IRCC awards more points to Francophone Express Entry applicants
The government of Canada has decided to award more points to Francophone Express Entry applicants. Of course, this change will give a boost to those who know the French language well.
The importance of points for Express Entry applicants
If you are immigrating under the Express Entry system, you fill out an online form first. Consequently, the online system will assign you a score. Of course, they name the scoring system CRS. Each applicant remains in the pool of Express Entry for up to one year. However, IRCC picks a few hundred applicants from the pool every month. Of course, the selection focuses on the highest CRS points in the system. Therefore, the higher your score, the better your chances for an ITA! If you need more information, read this article:
What has changed for the Francophone Express Entry applicants
The following table shows the changes for those who know the French language. Of course, you must take an official language test to prove your abilities.
|French Language Knowledge||English Language Knowledge||CRS Score in the past||CRS Score Now|
|NCLC 7 or higher on all four French language skills||CLB 4 or lower in English (or didn’t take an English test)||15||25|
|NCLC 7 or higher on all four French language skills||CLB 5 or higher on all four English skills||30||50|
You will receive these extra points on top of the score you receive for knowing Canada’s official languages. However, if your French knowledge for any of the abilities is less than NCLC 7, you won’t receive the extra points. Nonetheless, visit the following articles for more information:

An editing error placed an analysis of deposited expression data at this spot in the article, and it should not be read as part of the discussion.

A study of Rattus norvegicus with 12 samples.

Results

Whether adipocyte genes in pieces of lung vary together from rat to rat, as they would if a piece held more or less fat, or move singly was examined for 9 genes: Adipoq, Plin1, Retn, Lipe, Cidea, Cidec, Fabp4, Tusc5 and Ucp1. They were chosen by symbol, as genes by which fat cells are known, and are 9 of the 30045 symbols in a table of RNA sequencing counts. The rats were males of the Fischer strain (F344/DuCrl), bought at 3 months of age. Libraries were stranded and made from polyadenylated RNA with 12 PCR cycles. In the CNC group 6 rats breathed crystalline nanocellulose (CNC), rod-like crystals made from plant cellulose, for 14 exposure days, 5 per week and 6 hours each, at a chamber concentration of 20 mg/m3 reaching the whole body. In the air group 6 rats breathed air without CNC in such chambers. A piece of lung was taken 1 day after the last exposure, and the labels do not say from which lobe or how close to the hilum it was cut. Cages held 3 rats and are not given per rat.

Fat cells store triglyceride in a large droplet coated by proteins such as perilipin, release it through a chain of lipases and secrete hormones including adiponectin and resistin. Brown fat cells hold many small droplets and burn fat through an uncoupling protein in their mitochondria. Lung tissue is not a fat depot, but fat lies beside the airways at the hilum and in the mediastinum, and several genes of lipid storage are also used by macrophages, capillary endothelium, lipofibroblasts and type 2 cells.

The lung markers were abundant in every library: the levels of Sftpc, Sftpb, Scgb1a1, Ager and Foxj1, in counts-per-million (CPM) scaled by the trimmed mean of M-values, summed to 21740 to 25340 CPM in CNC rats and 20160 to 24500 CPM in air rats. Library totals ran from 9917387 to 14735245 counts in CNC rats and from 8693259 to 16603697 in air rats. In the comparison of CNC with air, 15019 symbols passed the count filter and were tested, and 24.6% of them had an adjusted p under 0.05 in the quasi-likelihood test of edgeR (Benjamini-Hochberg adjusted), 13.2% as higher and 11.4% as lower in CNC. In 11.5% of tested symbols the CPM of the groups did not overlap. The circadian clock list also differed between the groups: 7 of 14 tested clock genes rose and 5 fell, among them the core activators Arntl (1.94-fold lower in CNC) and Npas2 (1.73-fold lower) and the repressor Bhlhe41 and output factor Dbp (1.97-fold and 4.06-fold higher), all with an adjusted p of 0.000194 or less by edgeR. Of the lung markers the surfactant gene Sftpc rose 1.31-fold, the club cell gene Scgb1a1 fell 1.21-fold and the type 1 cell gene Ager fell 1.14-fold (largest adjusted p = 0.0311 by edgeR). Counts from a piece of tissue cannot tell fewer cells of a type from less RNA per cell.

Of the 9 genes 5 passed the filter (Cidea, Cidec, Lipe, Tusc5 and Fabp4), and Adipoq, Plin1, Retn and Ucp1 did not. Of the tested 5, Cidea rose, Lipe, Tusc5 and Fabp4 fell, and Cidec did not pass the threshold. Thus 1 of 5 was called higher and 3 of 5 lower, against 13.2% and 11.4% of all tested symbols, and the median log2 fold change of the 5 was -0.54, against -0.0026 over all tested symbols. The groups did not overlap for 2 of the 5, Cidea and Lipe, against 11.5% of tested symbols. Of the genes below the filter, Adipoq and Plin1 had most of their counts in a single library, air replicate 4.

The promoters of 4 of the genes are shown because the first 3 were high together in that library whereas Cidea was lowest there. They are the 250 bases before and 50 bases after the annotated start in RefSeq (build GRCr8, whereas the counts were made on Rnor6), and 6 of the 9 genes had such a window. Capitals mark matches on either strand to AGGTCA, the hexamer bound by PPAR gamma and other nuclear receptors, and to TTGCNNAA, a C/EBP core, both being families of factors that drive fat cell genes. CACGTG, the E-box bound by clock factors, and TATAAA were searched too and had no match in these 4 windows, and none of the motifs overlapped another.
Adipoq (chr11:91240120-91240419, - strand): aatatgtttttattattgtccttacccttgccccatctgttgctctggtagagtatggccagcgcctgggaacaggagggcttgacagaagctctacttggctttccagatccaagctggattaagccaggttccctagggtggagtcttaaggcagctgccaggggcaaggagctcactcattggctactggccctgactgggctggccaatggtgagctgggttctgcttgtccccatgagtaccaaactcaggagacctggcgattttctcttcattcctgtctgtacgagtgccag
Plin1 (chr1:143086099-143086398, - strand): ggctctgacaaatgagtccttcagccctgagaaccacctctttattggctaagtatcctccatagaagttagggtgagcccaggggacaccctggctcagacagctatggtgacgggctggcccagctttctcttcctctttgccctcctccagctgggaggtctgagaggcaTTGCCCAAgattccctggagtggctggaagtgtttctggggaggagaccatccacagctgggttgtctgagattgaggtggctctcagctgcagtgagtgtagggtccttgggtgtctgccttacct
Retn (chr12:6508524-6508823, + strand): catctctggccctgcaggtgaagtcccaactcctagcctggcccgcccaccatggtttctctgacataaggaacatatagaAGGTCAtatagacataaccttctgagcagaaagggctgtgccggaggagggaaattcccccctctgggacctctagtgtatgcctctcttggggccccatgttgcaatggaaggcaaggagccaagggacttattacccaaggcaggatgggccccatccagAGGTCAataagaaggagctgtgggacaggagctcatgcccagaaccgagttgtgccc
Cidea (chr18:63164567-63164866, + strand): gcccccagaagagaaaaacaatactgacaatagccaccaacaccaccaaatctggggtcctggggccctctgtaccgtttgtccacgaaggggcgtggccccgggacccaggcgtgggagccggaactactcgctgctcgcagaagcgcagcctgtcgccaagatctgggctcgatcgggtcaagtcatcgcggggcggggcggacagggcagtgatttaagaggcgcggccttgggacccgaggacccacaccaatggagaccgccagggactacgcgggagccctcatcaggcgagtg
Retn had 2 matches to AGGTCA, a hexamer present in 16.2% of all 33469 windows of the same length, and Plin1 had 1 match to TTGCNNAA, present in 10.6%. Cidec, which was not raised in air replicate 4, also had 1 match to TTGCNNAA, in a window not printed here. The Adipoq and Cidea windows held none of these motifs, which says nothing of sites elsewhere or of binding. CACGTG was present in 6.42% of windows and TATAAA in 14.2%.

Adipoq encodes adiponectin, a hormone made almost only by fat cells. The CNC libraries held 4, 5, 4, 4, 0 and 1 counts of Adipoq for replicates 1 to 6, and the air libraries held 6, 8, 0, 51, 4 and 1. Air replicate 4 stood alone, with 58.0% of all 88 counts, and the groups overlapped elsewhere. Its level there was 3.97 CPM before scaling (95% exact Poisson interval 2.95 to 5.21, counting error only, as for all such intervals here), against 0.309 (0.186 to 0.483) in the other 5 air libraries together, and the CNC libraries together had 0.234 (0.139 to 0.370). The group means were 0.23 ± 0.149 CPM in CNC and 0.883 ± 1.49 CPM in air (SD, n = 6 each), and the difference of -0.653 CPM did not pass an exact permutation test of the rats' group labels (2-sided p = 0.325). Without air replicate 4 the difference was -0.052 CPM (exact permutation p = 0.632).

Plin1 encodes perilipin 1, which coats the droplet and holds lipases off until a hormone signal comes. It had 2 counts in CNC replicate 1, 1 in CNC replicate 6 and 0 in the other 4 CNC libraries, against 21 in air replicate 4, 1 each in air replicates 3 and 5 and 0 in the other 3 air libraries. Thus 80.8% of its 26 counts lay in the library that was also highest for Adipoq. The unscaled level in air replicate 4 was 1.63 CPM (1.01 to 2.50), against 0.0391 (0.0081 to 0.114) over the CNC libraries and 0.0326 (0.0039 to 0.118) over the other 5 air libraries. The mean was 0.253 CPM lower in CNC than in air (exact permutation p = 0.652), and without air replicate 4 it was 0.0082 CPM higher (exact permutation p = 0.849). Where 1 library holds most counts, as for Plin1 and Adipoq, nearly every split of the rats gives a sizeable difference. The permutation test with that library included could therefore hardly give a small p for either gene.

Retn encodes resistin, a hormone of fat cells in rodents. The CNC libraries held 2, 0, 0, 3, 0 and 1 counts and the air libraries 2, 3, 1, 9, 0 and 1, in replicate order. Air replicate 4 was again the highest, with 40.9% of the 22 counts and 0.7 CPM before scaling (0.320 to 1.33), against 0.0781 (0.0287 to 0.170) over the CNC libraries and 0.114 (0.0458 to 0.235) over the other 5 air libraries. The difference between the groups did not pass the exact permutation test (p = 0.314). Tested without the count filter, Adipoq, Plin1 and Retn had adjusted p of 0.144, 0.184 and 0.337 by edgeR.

Can I take the test and update my profile?
You may take either TEF Canada or TCF Canada while your Express Entry application is active. Consequently, you may update your profile when you receive the test results.
If you wish to visit or move to Canada, please fill out our free assessment form. We will review it for free, but we will contact you only if we find an opportunity for you. Alternatively, you may book a consultation session. Consultation sessions are not free, but you will receive formal advice from a licenced practitioner.
This article provides information of a general nature only. Considering the fluid nature of the immigration world, it may no longer be current. Of course, the item does not give legal advice. Therefore, do not rely on it as legal advice or immigration advice. Consequently, no one could hold us accountable for the content of these articles. Of course, if you have specific legal questions, you must consult a lawyer. Alternatively, if you are looking for immigration advice, book an appointment.